Speaker of the House John Boehner (R-Ohio) (Brendan Smialowski/Agence France-Presse via Getty Images)

Six months after the last time Republicans played chicken with the U.S. economy, the party has hit reset on its dangerous game. Chastened by a public backlash against the party last October, when Republicans shut down the government for fifteen days and threatened a debt default unless the Affordable Care Act was delayed for one year, some GOP members want the party to pass a “clean” debt-ceiling increase and move on. But others, report The Post’s Robert Costa and Ed O’Keefe, want to take yet another debt hostage:

The bargaining idea that appears to have the most momentum is a repeal of the provision in the Affordable Care Act known as “risk corridors,” which limit the amount of money that a health-insurance plan can make and lose during the first three years it is sold on the new health-care exchanges. Republicans see the corridors as bailouts for the insurance industry if the plans start losing money.

A second option being considered by the Republican leadership would be to ask President Obama to approve the Keystone XL pipeline in exchange for a debt-limit extension.

In a small huddle after the conference-wide session, Boehner and other House GOP leaders privately agreed that the risk-corridors proposal was gathering momentum. Boehner and Majority Leader Eric Cantor (R-Va.) sense that House Republicans will end up rallying behind that plan in the coming days.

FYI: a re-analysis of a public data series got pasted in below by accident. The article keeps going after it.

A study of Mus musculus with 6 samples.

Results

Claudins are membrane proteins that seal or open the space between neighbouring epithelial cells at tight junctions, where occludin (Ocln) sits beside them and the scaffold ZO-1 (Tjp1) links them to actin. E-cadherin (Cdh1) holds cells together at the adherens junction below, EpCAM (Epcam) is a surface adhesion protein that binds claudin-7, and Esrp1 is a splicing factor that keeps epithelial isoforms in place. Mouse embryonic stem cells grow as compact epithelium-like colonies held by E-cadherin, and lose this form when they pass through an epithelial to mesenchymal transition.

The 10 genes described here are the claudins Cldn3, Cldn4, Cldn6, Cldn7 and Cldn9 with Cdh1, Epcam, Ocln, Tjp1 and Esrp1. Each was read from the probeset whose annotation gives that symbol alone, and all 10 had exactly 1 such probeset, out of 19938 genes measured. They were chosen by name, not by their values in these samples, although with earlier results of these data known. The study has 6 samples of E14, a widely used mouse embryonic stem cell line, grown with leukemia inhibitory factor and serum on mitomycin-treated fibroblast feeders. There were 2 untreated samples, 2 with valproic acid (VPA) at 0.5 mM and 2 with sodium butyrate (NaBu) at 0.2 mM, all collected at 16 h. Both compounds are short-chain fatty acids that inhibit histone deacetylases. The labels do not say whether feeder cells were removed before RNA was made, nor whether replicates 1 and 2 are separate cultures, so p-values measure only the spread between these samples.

It’s hard to decide which of these two options is the more ridiculous. Whatever you think of the Keystone XL pipeline, it has nothing to do with the debt ceiling, and the two have no business being linked. Even Rep. Steve Scalise (R-La.), chairman of the uber-conservative Republican Study Committee, says, “Keystone ought to be approved on its own merits. I’d like to see a repeal of the bailouts for the insurance companies. That’s becoming a real strong prospect. It’d be good to put it on the table.”

But the Congressional Budget Office’s latest report just made repealing “risk corridors” (or, to use Republicans’ preferred term, the “Obamacare bailout”) look even dumber. The GOP has been trumpeting (sometimes misleadingly) the CBO’s finding that the law will reduce full-time employment by 2.5 million workers. But the report also says that the “risk corridors” will save the government $8 billion.

In short, the GOP — the self-proclaimed party of fiscal responsibility — plans to demand the debt ceiling not be raised unless the federal government spends an additional $8 billion.

Farce becomes tragedy, though, when one realizes how unnecessary this debt-ceiling theater is. Republicans know that, just like last October, voters will blame them if the debt ceiling isn’t raised, in no small part because of the catastrophic effect on the economy. In the end, says Rep. Justin Amash (R-Mich.), the debt limit increase “is going to end up being clean anyway.” The GOP could save everyone a lot of time and worry if the party — and its base that is pushing for more hostage-taking — just grew up and moved on.